The gun bills are coming.
Bills to require universal background checks for all purchases of pistols and assault weapons, to ban the manufacture or sale of certain assault weapons, and to ban large-capacity ammunition magazines were introduced this week in the Minnesota Legislature.
The background check bill is sponsored by Sen. Bobby Joe Champion, DFL-Minneapolis , and Rep. Michael Paymar, DFL-St. Paul, who chairs the House Public Safety Finance and Policy Committee. Paymar’s committee will begin hearing all the bills next week.
“I want to make sure that people who want to have guns, law-abiding folks, they’are able to do it… and that it doesn't fall into the wrong hands,” Champion said.
“Coming from a district where there’s a lot of gun violence, but also coming from a district where people are wonderful gun owners…. I want to make sure this is the appropriate balance between the two,” Champion said.
Paymar said the bill would require background checks for all sales of pistols and assault weapons, but not hunting rifles, and not pistols and assault weapons that are transferred to relatives.
He said current estimates are that a 30-40 percent of sales of pistols and semiautomatic weapons are outside the background check system – either through gun shows or private sales.
Also Thursday,The Hennepin County prosecutor joined DFL legislators Thursday in proposing changes to keep guns away from felons and juveniles.

Hennepin County Attorney Mike Freeman, joined by Sen. Ron Latz, DFL-St. Louis Park, chairman of the Senate Judiciary Division, and Rep. John Lesch, DFL-St. Paul, chairman of the House Civil Law Committee, presented the package as part of the gun-law discussion taking place at the Capitol.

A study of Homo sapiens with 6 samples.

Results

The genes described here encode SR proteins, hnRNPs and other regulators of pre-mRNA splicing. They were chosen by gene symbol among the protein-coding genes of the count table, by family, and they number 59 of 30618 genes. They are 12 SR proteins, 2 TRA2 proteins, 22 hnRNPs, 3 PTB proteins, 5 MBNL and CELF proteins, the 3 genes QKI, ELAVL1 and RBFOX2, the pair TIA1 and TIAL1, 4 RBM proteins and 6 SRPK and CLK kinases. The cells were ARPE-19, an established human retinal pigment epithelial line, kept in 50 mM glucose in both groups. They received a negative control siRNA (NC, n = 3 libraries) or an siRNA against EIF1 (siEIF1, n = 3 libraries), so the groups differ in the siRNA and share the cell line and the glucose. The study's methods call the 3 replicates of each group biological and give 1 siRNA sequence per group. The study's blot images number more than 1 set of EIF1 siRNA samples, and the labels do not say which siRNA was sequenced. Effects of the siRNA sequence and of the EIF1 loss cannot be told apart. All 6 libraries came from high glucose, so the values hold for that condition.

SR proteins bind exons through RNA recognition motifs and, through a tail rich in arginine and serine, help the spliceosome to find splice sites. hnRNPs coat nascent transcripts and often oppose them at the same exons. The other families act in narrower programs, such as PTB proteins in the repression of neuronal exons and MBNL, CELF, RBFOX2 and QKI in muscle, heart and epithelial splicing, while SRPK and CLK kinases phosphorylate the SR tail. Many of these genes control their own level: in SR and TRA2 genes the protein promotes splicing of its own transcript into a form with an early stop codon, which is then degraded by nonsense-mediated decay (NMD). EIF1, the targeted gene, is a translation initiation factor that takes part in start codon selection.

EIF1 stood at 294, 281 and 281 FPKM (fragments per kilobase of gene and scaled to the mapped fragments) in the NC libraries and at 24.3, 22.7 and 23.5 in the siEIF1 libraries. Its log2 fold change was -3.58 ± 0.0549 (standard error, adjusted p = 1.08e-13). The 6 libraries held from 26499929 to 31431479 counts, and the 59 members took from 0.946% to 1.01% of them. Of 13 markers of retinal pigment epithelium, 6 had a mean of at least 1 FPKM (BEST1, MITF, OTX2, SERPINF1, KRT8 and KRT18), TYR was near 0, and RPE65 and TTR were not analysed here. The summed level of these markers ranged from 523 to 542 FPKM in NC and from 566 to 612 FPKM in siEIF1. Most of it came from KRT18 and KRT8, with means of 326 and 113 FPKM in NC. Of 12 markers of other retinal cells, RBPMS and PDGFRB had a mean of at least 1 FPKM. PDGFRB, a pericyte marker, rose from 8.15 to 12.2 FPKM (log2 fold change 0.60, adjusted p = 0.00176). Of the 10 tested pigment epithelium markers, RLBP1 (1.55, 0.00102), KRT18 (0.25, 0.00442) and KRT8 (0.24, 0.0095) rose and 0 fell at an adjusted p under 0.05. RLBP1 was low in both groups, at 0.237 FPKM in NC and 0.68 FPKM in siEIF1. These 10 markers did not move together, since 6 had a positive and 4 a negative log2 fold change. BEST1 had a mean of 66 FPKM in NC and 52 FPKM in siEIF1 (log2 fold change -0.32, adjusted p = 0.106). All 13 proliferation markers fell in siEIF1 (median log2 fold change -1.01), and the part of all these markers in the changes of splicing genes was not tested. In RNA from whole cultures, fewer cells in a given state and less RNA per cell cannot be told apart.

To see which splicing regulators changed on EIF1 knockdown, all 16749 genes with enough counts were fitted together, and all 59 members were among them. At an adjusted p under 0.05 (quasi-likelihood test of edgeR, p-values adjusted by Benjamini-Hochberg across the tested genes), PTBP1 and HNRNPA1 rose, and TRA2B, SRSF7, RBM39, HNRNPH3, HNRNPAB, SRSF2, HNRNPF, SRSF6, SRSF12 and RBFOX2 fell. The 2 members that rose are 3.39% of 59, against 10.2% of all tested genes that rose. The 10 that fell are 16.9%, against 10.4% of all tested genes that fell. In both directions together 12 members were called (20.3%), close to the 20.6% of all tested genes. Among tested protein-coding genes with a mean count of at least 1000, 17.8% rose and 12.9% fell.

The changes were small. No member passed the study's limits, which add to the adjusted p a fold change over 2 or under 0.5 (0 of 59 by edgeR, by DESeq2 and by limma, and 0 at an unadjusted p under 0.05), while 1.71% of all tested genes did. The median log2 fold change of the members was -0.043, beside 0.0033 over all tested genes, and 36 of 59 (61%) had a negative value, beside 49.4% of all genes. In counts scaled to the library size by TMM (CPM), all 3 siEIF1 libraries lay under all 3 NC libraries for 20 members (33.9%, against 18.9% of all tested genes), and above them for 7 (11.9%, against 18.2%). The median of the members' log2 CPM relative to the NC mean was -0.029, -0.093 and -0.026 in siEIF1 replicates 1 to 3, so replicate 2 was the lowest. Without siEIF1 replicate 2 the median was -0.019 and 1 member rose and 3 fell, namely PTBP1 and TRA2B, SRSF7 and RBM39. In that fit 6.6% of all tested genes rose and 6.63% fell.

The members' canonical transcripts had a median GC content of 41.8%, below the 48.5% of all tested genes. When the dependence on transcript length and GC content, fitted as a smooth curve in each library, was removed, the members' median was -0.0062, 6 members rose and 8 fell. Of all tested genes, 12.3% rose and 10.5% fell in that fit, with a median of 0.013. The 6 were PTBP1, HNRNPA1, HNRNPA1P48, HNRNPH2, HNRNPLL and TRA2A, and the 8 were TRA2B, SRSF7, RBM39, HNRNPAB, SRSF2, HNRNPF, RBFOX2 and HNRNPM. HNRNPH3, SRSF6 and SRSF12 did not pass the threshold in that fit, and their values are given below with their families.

Latz said his committee will hear all gun-related bills Feb. 21-22. The House is to hear gun bills next week.

The package, supported by the Minnesota County Attorneys Association, includes:

-- Adding certain felony domestic assaults to the list of "crimes of violence," creating a felony penalty for those who are convicted of these crimes and later possess a firearm.

-- Raising the penalty for juveniles who possess pistols and assault weapons, which is illegal, but currently prosecuted in juvenile court.

-- Making it a crime to help someone get a gun who is disqualified from gun ownership.

-- Making possession of ammunition a crime for felons who are already barred from possessing weapons.

-- Clarifying that people who have been committed by a court as mentally ill and dangerous may not possess a weapon even if the court has stayed its order.


Older Post

House, Senate introduce bills to keep MinnesotaCare

Newer Post

What brings in the big bucks in Dayton's sales tax proposal?